Experts say meth problem in Maine appears to be growing

BANGOR, Maine (NEWS CENTER) -- A Danforth couple being charged with the sale of methamphetamines this past weekend once again shed light on the issue of meth in Maine. It's a drug that state officials say can carry a lot of danger to produce.

The Maine Center for Disease Control assisted in investigating 13 meth labs across Maine in 2013. So far officials there say this year they've been looking into at least two labs each month.

Chemistry experts say it doesn't take much to manufacture meth. All a person needs is a small container and simple ingredients that you can find at most stores.

Health officials say the danger comes when those chemicals are cooked together. 'Cooked' lithium can give off ammonia gas and other irritants that can damage a person's lungs. Experts also say cooking meth can cause explosions that can easily start a fire.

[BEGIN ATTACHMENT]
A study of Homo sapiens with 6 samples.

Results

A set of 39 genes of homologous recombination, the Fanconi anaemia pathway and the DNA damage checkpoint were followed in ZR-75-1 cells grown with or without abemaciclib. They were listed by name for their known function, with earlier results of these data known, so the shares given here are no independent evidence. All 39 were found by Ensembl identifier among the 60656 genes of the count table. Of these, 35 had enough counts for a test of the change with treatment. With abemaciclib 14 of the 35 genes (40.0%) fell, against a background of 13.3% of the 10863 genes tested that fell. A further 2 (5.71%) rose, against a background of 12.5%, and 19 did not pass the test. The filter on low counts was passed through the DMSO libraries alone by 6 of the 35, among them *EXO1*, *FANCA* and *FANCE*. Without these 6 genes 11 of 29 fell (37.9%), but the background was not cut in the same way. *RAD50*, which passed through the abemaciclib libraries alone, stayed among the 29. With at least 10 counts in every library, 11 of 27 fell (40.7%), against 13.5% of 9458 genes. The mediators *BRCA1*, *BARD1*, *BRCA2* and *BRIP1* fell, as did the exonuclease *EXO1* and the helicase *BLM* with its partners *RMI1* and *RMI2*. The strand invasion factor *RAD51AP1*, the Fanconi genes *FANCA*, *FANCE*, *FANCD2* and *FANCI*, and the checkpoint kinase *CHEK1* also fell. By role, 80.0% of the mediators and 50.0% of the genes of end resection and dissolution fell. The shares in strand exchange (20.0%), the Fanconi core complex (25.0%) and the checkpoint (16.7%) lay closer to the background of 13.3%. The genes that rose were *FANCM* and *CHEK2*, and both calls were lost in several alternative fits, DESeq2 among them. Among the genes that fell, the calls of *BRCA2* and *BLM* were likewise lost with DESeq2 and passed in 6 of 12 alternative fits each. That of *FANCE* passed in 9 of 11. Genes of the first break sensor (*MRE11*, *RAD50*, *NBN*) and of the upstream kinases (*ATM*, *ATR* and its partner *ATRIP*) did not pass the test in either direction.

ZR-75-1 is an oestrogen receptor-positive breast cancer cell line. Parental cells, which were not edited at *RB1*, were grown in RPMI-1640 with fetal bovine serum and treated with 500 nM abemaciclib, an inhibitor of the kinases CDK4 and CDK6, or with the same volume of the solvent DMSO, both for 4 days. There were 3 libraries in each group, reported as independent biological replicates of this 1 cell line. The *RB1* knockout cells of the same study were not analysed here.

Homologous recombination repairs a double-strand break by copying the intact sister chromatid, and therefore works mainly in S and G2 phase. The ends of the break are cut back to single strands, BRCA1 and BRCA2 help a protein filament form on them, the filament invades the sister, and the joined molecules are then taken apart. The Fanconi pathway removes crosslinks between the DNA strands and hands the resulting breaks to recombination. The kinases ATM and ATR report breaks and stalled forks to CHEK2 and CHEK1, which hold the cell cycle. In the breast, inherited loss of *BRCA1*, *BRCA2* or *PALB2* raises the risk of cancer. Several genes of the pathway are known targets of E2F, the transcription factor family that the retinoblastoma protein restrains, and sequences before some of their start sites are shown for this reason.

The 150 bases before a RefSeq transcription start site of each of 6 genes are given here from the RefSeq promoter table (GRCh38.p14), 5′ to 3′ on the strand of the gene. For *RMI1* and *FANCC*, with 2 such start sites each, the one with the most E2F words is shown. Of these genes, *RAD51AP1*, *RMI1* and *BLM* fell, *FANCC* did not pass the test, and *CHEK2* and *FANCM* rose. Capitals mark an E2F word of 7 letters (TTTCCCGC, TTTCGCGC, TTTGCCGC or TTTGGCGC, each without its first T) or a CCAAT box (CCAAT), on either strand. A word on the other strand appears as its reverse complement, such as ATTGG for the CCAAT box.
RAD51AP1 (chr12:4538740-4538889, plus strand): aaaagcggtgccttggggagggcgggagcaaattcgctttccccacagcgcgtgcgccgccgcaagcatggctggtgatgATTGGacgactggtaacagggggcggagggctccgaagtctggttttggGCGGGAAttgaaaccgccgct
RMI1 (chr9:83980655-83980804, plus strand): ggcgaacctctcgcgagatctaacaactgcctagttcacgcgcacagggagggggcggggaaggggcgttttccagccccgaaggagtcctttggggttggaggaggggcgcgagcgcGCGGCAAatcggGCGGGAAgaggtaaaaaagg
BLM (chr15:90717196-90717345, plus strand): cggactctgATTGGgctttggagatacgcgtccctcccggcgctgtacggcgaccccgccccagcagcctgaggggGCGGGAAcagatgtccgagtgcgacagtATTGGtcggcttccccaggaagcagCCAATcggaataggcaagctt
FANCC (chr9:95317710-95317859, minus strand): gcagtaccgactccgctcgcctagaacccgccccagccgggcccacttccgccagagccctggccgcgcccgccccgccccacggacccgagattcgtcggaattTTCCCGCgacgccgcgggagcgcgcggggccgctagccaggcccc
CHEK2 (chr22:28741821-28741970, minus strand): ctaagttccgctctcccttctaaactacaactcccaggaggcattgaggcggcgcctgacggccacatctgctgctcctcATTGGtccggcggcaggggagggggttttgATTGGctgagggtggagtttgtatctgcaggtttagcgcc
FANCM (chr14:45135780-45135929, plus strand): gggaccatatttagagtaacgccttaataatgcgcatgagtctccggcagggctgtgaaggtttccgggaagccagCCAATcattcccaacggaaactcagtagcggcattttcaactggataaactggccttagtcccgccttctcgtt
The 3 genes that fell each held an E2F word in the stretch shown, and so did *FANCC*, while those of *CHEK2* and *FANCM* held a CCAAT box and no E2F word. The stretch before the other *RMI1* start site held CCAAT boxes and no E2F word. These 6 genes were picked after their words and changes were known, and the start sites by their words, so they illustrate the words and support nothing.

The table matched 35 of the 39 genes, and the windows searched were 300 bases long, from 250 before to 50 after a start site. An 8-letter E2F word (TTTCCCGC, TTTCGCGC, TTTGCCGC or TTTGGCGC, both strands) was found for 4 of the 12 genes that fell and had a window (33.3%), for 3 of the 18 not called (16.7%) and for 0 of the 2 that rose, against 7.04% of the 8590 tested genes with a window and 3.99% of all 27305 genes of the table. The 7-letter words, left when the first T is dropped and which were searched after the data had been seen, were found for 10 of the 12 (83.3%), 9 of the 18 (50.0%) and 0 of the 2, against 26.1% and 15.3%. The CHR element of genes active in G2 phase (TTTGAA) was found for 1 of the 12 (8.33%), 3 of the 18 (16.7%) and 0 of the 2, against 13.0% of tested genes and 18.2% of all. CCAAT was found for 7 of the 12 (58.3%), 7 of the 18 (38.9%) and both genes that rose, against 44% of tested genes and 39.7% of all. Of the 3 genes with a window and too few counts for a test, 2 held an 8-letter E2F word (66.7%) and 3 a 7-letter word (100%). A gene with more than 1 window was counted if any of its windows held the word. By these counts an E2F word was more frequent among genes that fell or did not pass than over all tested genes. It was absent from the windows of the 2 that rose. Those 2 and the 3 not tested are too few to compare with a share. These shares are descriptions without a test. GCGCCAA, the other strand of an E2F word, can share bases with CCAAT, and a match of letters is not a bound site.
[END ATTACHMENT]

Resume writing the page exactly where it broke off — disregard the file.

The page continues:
"They {scientists} have tested where they've taken one pots {containers}...that's what the term is called...and poked a hole in them and you can see a flame shoot out the side of that vessel," said Chris Montagna, whose team at the Maine CDC assists law enforcement in assessing illegal meth labs, "so it's almost as if a flame thrower has gone off. So it {cooking meth}won't ignite the air around you...but anything that's combustible in the area will definitely go up in flames."

Experts say in the last year meth labs have been discovered mostly in rural parts of the state although some were found in more populated areas like Waterville and Lewiston. Officials say if you have real suspicions about a location near you contact the police immediately.